Robert Novak

MANCHESTER, N.H. -- From the moment Democratic presidential candidates arrived in New Hampshire from Iowa last Tuesday, an unanswered question has been whether the magic found by Sen. John Edwards in Midwestern prairies could be transported across the country. The process has been slow and uncertain, but the answer still could be "yes."

Sen. John Kerry, the decisive Iowa winner, appears headed for another clear victory Tuesday in New Hampshire. Polling indicates former front-runner Howard Dean?s free fall has been arrested, perhaps enough to finish second. Wesley Clark has lost momentum, particularly after a disastrous performance in Thursday night?s final debate. Sen. Joe Lieberman may get into double digits. That leaves Edwards, starting the week in single digits and no better than fourth here, but moving up a little.

Pollster Frank Luntz believes Edwards has "perfect pitch" with today?s Democrat, bashing George W. Bush and painting a grim picture of life in America while holding out hope. Luntz?s focus groups reflect switching from Dean to Edwards. In bygone days when weeks separated voting in Iowa and New Hampshire, Edwards would have had a chance to actually win here. With only a seven-day interim now, and Edwards dividing his time campaigning for the Feb. 3 primary in South Carolina, he still hopes for a second-place finish enabling him to challenge Kerry?s nomination in coming primaries.

Kerry and Edwards disagree on nothing. Indeed, all the leading candidates except Lieberman agree on policy and even what policies they talk about. For prudential reasons, gun control goes unmentioned and abortion is seldom mentioned. The theme is redistribution of wealth in America, and multi-millionaire trial lawyer Edwards propounds it most effectively with his concept of "two Americas."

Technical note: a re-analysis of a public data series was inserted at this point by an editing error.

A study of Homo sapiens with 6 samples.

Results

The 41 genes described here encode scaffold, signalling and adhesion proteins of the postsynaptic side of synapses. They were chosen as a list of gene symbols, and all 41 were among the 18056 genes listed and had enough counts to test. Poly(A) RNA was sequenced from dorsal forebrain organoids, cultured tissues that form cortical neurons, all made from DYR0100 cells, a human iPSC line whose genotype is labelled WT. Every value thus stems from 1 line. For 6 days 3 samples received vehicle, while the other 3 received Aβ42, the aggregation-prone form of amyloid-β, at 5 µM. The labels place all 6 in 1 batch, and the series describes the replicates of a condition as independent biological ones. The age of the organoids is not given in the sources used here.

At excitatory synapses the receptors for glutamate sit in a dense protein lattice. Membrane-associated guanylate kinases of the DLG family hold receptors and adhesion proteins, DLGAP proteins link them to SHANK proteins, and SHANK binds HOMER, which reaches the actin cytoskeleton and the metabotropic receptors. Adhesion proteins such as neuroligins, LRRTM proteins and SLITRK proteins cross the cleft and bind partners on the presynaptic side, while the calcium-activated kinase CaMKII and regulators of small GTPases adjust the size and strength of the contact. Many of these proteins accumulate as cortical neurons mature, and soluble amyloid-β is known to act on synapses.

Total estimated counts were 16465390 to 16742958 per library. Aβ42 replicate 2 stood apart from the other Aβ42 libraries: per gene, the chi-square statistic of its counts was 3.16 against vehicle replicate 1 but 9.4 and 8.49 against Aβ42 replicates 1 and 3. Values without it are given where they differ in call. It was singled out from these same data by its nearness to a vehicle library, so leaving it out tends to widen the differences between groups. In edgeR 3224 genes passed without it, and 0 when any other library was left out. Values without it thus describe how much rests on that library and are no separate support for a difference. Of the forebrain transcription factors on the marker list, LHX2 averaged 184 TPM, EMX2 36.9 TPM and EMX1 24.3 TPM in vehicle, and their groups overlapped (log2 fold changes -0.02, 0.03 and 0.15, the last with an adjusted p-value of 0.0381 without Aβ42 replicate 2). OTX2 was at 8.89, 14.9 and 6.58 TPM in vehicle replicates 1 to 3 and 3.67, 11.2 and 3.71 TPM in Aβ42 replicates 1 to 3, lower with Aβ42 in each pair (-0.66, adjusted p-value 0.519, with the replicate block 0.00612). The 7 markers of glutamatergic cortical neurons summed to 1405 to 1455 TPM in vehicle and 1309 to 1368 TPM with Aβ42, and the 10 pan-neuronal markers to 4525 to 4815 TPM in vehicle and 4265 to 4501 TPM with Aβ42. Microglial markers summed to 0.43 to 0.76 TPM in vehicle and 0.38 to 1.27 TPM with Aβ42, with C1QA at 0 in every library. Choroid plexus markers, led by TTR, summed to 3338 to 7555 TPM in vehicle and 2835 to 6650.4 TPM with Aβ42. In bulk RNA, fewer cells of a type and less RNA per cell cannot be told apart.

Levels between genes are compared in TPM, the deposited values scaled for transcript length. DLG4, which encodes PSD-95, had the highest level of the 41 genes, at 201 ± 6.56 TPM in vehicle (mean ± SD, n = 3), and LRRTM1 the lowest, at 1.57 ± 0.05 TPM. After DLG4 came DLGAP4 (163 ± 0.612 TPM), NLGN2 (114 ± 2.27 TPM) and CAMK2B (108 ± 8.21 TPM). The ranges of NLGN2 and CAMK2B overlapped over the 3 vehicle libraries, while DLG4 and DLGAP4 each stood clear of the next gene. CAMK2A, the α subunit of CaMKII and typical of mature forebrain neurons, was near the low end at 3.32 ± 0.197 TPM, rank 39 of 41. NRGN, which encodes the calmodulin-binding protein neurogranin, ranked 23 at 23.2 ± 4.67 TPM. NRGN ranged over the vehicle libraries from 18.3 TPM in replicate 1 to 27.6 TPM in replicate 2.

Edwards talks about two school systems, two tax systems, two economies and two governments -- historic Democratic populism. At the state party dinner in Nashua Saturday night where candidates were restricted to seven minutes each, Edwards barely mentioned Iraq. His "perfect pitch" is telling Democrats how terrible life in America is but promising "the change we all want. Yes, we will! We can do it!"

Fresh from his Iowa victory, Kerry?s events here have been risk-free and symbolic, protecting his suddenly acquired New Hampshire lead. The theme at a Friday rally was support from veterans, a key component in winning Iowa. On Saturday afternoon, the gaunt 60-year-old skated with former Boston Bruin stars in a hockey exhibition and even scored a goal. The only mishap in the carefully scripted performance came at the veterans rally when the irrepressible Sen. Ernest F. Hollings of South Carolina, brought in as a Kerry backer, referred to Vice President Dick Cheney as "the Republican Party?s Jesse Jackson." Hollings was hustled back to Washington.

It was a difficult week for Dean, who never was able to adequately explain his rant and roar in Des Moines last Monday night. At Saturday night?s party dinner, he was still trying lame humor. "I?m so excited to be here," Dean said, "that I could just scream. (Pause, amid restrained audience laughter.) But I won?t." New Hampshire is such a good state for the former governor of neighboring Vermont that his slide here has not been as pronounced as his national decline.

Actually, Clark has fallen in New Hampshire much more sharply than Dean, losing half his former strength according to polls. The retired four-star general has been able to ingest and disgorge liberal dogma, displaying skills used in finishing first in his West Point class. He has made himself into an effective stump speaker but commits the amateur orator?s mistake of shouting. With his voice nearly gone, he disappointed a big crowd at Derry Friday night by not taking questions. Considering his dreadful performance at the Thursday debate, Clark?s managers want to avoid impromptu speech.

A retired couple I talked to at Derry were not impressed by the general. Registered independents, they voted for John McCain in the 2000 Republican primary and Al Gore in November. They told me they were first attracted to Dean, then put off by his erratic behavior, and now lean toward Kerry. But they indicated fascination with John Edwards and wanted to see him again before voting Tuesday. Such voters can determine the Southerner?s fate in New Hampshire and shape his future elsewhere.


Robert Novak

Robert Novak (1931-2009) was a syndicated columnist and editor of the Evans-Novak Political Report.